Judges ruled that Holyrood cannot legislate on a vote, agreeing with the UK government that such constitutional matters are reserved for the UK parliament.
But Supreme Court president Lord Reed said on Wednesday that judges unanimously agreed that the Scottish parliament “does not have the power to legislate for a referendum on Scottish independence”.
Ms Sturgeon said she now wants to make the 2024 general election a “de facto referendum” on independence, announcing plans for a special SNP conference in the new year to discuss the plan.
The SNP leader she had “respect for the rule of law” and would accept the Supreme Court decision – saying the route to Scottish independence must be “lawful and democratic”.
But Ms Sturgeon insisted that a “mandate” for independence was “quite simply undeniable” because of SNP election victories in Scotland and a pro-independence majority at Holyrood.
She claimed that the court decision on a referendum bill did not decide on whether there was “any democratic means” by which the independence question could be settled.
Rishi Sunak – who called the idea of holding indyref2 soon “barmy” during the Tory leadership contest – said it was time to “explore ways in which we can work together with the Scottish government”.
Mr Sunak’s Scottish secretary Alister Jack told the Commons that ministers “welcome the court’s unanimous and unequivocal ruling”, calling on the SNP to “set aside these divisive constitutional issues”.
However, SNP Westminster leader Ian Blackford claimed there was a mandate for a referendum because of the party’s election victories. He vowed: “If Westminster keeps blocking our democratic decisions … Scotland will find a way out of this union.”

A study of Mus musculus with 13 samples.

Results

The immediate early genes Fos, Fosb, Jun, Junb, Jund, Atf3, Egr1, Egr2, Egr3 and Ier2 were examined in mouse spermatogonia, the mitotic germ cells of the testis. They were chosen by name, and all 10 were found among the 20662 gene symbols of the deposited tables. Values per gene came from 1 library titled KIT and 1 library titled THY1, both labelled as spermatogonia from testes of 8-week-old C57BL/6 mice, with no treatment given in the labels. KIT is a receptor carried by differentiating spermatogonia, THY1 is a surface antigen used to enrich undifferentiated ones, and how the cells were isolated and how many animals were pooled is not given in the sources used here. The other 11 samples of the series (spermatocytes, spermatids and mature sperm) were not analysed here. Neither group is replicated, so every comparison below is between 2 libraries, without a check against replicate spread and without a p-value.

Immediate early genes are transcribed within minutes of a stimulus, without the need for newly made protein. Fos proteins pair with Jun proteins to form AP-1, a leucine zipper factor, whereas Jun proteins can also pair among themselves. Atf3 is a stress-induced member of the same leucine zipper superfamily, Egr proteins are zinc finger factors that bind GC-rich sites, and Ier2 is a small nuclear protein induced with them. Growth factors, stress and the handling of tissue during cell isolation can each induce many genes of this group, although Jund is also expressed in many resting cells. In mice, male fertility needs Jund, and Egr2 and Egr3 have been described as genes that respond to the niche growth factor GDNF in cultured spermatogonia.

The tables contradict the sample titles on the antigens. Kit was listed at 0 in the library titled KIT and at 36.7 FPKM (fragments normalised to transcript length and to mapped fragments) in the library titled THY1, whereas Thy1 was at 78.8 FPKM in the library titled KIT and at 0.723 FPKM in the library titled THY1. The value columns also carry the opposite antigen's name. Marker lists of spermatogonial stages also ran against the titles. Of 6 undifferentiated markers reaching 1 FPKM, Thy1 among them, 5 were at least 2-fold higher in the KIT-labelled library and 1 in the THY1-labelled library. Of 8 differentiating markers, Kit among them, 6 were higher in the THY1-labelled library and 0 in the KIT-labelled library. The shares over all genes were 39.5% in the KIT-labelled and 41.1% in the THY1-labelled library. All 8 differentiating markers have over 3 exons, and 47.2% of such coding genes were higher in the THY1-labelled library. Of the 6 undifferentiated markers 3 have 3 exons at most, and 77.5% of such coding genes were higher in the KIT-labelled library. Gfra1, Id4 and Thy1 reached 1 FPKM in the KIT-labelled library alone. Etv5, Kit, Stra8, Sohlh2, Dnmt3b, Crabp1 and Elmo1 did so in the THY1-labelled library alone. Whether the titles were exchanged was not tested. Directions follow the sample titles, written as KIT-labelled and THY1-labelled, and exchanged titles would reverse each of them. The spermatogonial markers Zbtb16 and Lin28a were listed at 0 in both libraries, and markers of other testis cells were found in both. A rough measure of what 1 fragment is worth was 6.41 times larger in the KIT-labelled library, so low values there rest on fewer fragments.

The verdict means the Scottish government’s top law officer, Lord Advocate Dorothy Bain, will not now be able to clear a referendum bill for passage through the Scottish parliament.
During a hearing in October, Ms Bain had said resolving the legality of the proposed referendum bill was a “critically important question” which had been “festering” since the early days of devolution.
The UK government’s representative, Sir James Eadie, had argued the bill “squarely and directly” relates to a reserved matter. He also argued that the bill was at too early a stage for the court to even issue a ruling on.
But Lord Reed said the Supreme Court had decided that “it does have the power to decide” now on the question of whether a referendum could be held without Westminster’s consent.
Lord Reed said the court did not accept SNP arguments based on the “right to self-determination” in international law.
He said a Canadian case, which concerned Quebec, held that self-determination under international law only exists in situations “of former colonies, or where a people is oppressed ... or where a definable group is denied meaningful access to government”.
The SNP case had in part relied on a potential independence vote being “advisory”. But the Supreme Court concluded that the impact of the bill could not be “confined” to simply the holding of a referendum. “A lawfully-held referendum is not merely an exercise in public consultation,” said Lord Reed.
SNP MP Angus MacNeil said the court ruling was why he wanted the party to debate a “Plan B” at its conference, arguing that elections could now be used to force a vote on independence. “The way out is of course the ballot box,” said Mr MacNeil.
Alex Salmond, Ms Sturgeon’s predecessor, has also encouraged the SNP leader to use the general election as a mandate for Indyref2.
The Alba Party leader accused Ms Sturgeon of leading the independence movement down a “complete blind alley” with the “bad gamble” of the court case – and called for “a civic campaign of protest and action”.
Scottish Labour leader Anas Sarwar said the SNP should now “focus on the problems facing our country”. He said there is “not a majority for a referendum or independence” in Scotland, but there is a “majority for change”.
Recent polls show Scottish voters evenly split on the independence question, with a YouGov October survey showing 49 in favour and 51 per cent against.
Plaid Cymru’s Westminster leader Liz Saville Roberts MP said the “exposes the fundamentally undemocratic nature of Westminster rule”.
Calling for new powers, the Welsh nationalist leader added: “It is time for the UK government to guarantee the right to self-determination for all the devolved nations.”